I am reporter Julie Mack and I am here to discuss Michigan’s mental health crisis and the glaring issues in the state’s mental health system. Natasha Robinson, a mother personally affected by this crisis, is here with me. AMA!
For far, far too long, psychiatric disorders have been shrouded in shame and stigma, and mental health has been the poor stepchild of the American health-care system. It’s estimated that half of Americans will experience a mental-health issue at some point in their life. Half. And yet, the stigma lingers. The stigma is a killer. Literally. In Michigan, it takes an average of 19 phone calls to find an in-patient psychiatric bed. 33 counties in Michigan lack a psychiatrist. Meanwhile, our reporting shows the number of suicides in the state hit a record high in 2017.
It’s an issue that hits home for me. And it hits home for Natasha Robinson. She was willing to share her story with all of us about her son, who was six years old the first time he tried to kill her. She is with us today and her story, along with our reporting on Michigan’s mental health crisis, is below.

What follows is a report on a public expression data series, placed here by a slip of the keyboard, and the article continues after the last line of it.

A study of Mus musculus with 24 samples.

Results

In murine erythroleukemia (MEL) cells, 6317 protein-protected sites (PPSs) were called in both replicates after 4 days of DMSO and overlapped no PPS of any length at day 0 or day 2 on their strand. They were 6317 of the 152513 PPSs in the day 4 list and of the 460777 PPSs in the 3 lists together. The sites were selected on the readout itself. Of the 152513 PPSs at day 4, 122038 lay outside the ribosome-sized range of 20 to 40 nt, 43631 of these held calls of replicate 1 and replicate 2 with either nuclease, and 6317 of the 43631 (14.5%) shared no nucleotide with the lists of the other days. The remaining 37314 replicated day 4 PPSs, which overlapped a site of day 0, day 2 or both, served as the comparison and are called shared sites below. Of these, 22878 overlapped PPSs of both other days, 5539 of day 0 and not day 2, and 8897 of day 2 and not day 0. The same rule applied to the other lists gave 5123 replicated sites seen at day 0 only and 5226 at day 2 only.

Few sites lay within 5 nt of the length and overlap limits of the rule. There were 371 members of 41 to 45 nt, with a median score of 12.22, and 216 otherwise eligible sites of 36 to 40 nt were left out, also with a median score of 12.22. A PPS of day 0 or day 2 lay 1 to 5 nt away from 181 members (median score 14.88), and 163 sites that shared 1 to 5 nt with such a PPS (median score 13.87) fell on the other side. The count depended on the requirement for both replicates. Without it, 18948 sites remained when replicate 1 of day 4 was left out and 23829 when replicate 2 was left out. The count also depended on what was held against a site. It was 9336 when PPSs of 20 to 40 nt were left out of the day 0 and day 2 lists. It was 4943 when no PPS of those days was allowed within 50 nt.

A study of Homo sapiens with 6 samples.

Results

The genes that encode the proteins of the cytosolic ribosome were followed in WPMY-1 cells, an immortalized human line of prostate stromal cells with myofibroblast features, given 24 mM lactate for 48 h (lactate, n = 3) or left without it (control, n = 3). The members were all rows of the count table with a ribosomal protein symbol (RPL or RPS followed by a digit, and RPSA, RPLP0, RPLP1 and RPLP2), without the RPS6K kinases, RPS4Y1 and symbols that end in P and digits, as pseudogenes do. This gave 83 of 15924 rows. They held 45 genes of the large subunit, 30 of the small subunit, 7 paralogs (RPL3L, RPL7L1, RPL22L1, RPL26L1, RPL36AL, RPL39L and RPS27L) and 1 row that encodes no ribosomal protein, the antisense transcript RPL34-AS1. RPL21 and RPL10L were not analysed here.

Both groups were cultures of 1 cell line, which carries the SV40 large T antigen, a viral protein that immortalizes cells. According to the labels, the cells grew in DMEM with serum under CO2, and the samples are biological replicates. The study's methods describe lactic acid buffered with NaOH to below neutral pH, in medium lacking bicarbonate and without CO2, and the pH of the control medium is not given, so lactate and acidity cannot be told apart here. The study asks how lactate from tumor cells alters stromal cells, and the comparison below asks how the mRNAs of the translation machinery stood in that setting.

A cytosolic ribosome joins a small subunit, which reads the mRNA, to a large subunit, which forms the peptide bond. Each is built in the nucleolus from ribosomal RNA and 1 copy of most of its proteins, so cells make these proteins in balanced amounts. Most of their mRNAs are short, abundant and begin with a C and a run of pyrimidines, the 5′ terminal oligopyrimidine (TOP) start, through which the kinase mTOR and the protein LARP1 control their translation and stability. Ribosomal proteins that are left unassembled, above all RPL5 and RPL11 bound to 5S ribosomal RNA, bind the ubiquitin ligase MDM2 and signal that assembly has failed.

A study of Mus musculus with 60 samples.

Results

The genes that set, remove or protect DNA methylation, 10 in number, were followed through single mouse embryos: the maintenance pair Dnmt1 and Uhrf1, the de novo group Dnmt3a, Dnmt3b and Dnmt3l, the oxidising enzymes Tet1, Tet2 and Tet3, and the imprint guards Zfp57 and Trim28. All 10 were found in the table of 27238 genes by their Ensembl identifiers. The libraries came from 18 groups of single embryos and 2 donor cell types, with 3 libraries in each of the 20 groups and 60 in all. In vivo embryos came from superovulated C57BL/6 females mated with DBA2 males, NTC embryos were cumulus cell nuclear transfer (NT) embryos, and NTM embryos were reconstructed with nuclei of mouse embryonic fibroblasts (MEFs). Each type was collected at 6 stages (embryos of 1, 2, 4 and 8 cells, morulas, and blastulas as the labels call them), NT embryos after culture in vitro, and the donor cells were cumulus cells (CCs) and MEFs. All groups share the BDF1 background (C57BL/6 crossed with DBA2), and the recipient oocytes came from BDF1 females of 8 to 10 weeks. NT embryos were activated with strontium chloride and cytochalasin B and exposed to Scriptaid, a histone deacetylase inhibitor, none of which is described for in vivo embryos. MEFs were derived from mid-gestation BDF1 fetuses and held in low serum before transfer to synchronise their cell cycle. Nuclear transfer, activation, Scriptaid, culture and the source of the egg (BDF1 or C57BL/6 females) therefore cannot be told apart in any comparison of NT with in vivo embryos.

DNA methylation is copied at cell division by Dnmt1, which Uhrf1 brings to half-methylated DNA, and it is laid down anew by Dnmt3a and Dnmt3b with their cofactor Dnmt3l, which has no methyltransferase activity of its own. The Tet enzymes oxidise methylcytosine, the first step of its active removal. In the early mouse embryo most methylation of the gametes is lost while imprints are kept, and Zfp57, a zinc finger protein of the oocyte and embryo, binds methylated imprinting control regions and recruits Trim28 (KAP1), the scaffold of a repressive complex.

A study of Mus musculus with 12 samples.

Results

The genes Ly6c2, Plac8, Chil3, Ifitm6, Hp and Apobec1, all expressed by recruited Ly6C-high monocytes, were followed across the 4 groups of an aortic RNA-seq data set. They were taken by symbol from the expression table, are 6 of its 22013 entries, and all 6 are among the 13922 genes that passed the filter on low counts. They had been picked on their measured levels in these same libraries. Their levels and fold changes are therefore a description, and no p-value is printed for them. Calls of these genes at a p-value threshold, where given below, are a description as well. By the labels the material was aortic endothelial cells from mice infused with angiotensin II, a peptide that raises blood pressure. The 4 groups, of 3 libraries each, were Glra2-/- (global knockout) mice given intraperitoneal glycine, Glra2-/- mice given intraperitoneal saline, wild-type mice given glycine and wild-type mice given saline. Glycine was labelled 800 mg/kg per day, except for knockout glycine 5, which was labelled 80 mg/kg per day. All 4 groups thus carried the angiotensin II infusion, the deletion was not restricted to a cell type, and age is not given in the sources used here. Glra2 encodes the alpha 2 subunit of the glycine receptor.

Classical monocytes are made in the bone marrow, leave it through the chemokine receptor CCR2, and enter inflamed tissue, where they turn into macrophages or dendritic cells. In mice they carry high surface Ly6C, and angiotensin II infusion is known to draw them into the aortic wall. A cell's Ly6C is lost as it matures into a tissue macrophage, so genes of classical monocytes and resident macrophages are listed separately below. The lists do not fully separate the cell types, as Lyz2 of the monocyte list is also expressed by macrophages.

- Nowhere to turn: Families struggle as psych beds disappear from hospitals
- ‘Demons’ haunt an 8-year-old and help is hard to find
- A mom’s story: ‘My son is trying to kill me’
- To hell and back: One woman’s journey to recovery from mental illness
- 12 ways to address Michigan’s shortage of in-patient psychiatric beds
- Spending more on mental health has bipartisan support, lawmakers say
- Michigan’s mental health crisis is affecting all of us. Something must be done.